According to a report by Nielsen, playback from digital-video recorders is actually increasing the amount of time people spend watching television.
In comparing data covering total television usage among 18- to 49-year-olds from November 2005, when DVR penetration was low, to November 2007, Nielsen saw that “viewing had increased slightly throughout the day and was 3% higher at 9 p.m. and 5% higher between 11 p.m. and midnight.”
In other words, viewers were watching more programming, but on their own schedules. Specifically, the company found that that the traditional primetime-programming block was essentially expanded by DVR users, who would record shows and watch them later on in the evening.
“Consumers are increasingly making time-shifted viewing an important part of their overall television experience and are beginning to change traditional TV models,” said Patricia McDonough, senior vice president of insights analysis and policy at Nielsen Media Research, at the Nielsen client meeting in Las Vegas Thursday.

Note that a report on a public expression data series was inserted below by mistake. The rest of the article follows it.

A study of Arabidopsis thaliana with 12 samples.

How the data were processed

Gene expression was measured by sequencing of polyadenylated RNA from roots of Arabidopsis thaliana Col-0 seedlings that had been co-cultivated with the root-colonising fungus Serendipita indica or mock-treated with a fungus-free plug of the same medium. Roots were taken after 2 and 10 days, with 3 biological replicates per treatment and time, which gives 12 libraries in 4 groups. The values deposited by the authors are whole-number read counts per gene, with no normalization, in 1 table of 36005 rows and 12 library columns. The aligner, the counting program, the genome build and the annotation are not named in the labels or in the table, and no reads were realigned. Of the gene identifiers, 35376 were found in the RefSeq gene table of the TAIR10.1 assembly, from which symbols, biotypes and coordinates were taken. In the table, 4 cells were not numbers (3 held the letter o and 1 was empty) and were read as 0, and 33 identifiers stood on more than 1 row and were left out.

“DVR playback has added to TV usage, particularly during the most-watched hours of the day, as viewers take advantage of their ability to watch their favorite shows according to their own schedules,” she added.
Nielsen categorized DVR owners into three categories, based on how much they time shift programming.
Heavy shifters, mostly women aged 18-49, are heavy TV viewers and shift nearly one-half of their total viewing using DVRs.
Medium shifters watch slightly more TV than an average person and shift about one-third of their programs.
Light shifters -- which Nielsen classified as being 70% of DVR households -- watch less television than normal people and shift about 10% of their shows, mostly to catch episodes they may have missed.
Nielsen also revealed data about which shows were time-shifted and which were viewed live.
Not surprisingly, sporting events, news and movies were generally watched live, while serialized dramas were most often recorded for viewing later. Daytime talk shows and primetime reality programs were also shifted by users with some frequency, although not as often as their dramatic cousins.